Why is it important to wash your hands? Is a handshake really more unhygienic than a kiss?
At any given time, there may be hundreds of microbes on your hands, ready to get you—or somebody else—sick. As it turns out, most people don’t wash their hands long enough to get rid of the viruses and bacteria.
Keep reading to learn about the importance of regular handwashing.
Health and Hygiene
In addition to what you feed your body, the microbes that you expose your body to can have a significant impact on how well your body works. Bryson explains that your body is inhabited by trillions of microorganisms from thousands of different species.
(Shortform note: As Bryson explains, your body is full of microbes. According to some estimates, there are actually more bacterial cells in your body than human cells.)
We can infer two main applications from Bryson’s explanation of viruses, bacteria, and how these pathogens can be transmitted from one person to another.
Wash Your Hands
First of all, Bryson’s discussion highlights the importance of washing your hands to avoid transferring pathogens from one person to another—especially if you work in the medical industry.
Why is it important to wash your hands? Bryson points out that most of the microbes that call your body home live inside you and don’t survive outside the body well enough for scientists to even study them effectively. However, a few hundred species of bacteria make their home on your skin, where they readily spread from one person to another by physical contact. Moreover, the particular species are different from person to person, and some species are harmless to one person but infectious to another.
(Shortform note: We can infer from other sources that the reason some microbes will harm one person but not another has to do with your immune system’s ability to recognize them. As your immune system develops, it accepts your unique population of microbes as part of your body. But if your immune system encounters foreign microbes, it attacks them. Since everyone has a slightly different set of microbes, any of the species that differ could potentially trigger an immune response. And sometimes the immune response manifests in symptoms such as fever or swelling.)
Similarly, Bryson points out that even when you are completely healthy, there are thousands of types of viruses inside your body, as well as in the surrounding environment. Less than 0.3% of all known viruses are disease-causing, but like bacteria, viruses often affect different people differently. For example, studies estimate that the Covid-19 virus is relatively harmless to at least 45% of the people who contract it, but it causes severe or even fatal illness in others.
(Shortform note: One reason that viruses affect different people differently is that viruses work by splicing themselves into a cell’s genetic code, and everyone has slightly different genes. Environmental factors and immune-system familiarity (as discussed above) also likely play a role, and scientists acknowledge that they don’t yet know all the factors that contribute to the differences.)
Furthermore, Bryson explains that you have to scrub your hands with soap and water for at least a whole minute to wash off viruses and bacteria. He estimates that, even in modern-day American hospitals, inadequate hand-washing leads to more than a million serious infections per year.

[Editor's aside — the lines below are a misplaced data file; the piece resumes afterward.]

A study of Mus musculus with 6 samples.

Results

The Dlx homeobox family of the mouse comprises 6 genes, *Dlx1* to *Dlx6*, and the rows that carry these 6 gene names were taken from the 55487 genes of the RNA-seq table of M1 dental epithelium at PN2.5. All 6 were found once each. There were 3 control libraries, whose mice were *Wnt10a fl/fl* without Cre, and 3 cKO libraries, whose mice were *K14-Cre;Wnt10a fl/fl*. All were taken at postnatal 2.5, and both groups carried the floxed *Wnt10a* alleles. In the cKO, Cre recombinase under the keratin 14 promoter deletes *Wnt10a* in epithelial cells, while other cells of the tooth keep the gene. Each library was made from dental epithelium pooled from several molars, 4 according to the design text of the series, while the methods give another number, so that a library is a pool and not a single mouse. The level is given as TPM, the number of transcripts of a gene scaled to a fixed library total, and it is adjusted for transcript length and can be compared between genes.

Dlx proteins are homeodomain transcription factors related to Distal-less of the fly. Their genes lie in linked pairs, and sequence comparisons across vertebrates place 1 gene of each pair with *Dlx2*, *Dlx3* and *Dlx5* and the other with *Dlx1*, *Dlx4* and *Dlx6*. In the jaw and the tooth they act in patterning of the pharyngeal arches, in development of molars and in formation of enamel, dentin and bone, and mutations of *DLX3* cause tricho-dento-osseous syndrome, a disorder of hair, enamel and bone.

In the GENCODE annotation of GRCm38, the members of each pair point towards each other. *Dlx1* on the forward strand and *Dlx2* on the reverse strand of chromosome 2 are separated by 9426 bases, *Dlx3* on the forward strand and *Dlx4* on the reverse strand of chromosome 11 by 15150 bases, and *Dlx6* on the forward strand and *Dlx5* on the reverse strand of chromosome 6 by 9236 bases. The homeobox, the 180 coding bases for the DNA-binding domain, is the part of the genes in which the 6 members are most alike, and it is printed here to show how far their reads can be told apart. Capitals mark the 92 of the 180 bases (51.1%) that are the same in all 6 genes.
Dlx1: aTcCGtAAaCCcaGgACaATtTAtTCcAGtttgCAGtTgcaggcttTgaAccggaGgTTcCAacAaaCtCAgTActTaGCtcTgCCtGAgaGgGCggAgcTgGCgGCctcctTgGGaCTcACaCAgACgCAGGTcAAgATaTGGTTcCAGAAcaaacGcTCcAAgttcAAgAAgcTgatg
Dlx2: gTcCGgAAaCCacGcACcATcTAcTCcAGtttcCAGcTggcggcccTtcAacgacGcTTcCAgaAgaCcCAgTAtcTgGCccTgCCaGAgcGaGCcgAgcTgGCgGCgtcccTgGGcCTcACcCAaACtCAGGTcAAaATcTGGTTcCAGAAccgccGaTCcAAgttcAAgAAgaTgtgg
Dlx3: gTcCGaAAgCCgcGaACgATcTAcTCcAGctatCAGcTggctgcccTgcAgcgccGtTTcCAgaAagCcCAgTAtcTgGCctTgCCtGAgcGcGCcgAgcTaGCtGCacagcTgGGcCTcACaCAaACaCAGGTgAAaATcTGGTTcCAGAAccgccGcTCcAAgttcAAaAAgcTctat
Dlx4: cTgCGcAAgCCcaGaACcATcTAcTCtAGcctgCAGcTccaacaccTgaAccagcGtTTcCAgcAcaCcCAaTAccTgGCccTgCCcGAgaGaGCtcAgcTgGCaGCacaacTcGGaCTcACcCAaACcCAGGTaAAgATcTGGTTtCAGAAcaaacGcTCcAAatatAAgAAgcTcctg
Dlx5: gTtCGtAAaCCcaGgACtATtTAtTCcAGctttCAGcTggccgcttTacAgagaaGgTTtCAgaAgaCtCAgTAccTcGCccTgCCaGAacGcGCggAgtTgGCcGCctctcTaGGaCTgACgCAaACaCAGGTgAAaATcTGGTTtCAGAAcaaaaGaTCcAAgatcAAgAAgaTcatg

|How Much Hygiene Is Right for You?|
Some researchers assert that removing the native bacteria cultures from your hands (or other parts of your body) actually poses certain health risks. Specifically, scientists believe that certain types of microbes play an important role in your immune system’s development, such that systematically removing them increases your risk of autoimmune diseases.
Bryson’s discussion of handwashing focuses mostly on medical personnel, where frequent, thorough handwashing is undeniably important: Any slight increase in your risk of getting an autoimmune disease is vastly outweighed by the risk of transferring an infectious disease from one patient to another.
But what about the rest of us? If you don’t work in medicine, food service, or other venues with special sanitation requirements, perhaps removing the bacteria from your hands too frequently is actually counterproductive.
Rethink Social Greetings
The second thing we can infer from Bryson’s discussion of disease transmission is that hand-shaking spreads microbes more effectively than most other types of greetings. Specifically, he says studies have shown that you’re actually more likely to pick up pathogens from someone (or transfer pathogens to them) if you shake their hand than if you kiss them.
In the West, shaking hands is a common greeting ritual in both business and personal relationships, while other cultures have historically used various customs such as kissing on the cheek or bowing to one another in this way. It might not be socially appropriate to go around kissing your coworkers, but if Bryson’s studies are correct, it may be time to rethink the methods you use to greet them.
(Shortform note: Since the start of the Covid-19 pandemic, many psychologists have taken an active interest in studying and even developing physical greetings that are less likely to spread viruses. One study concluded that the best alternative greeting to promote consisted of clasping your own hands together in front of you for the other person to see. They reached this conclusion after considering and subsequently dismissing alternatives such as bowing, elbow-rubbing, hand-waving, and foot-bumping.)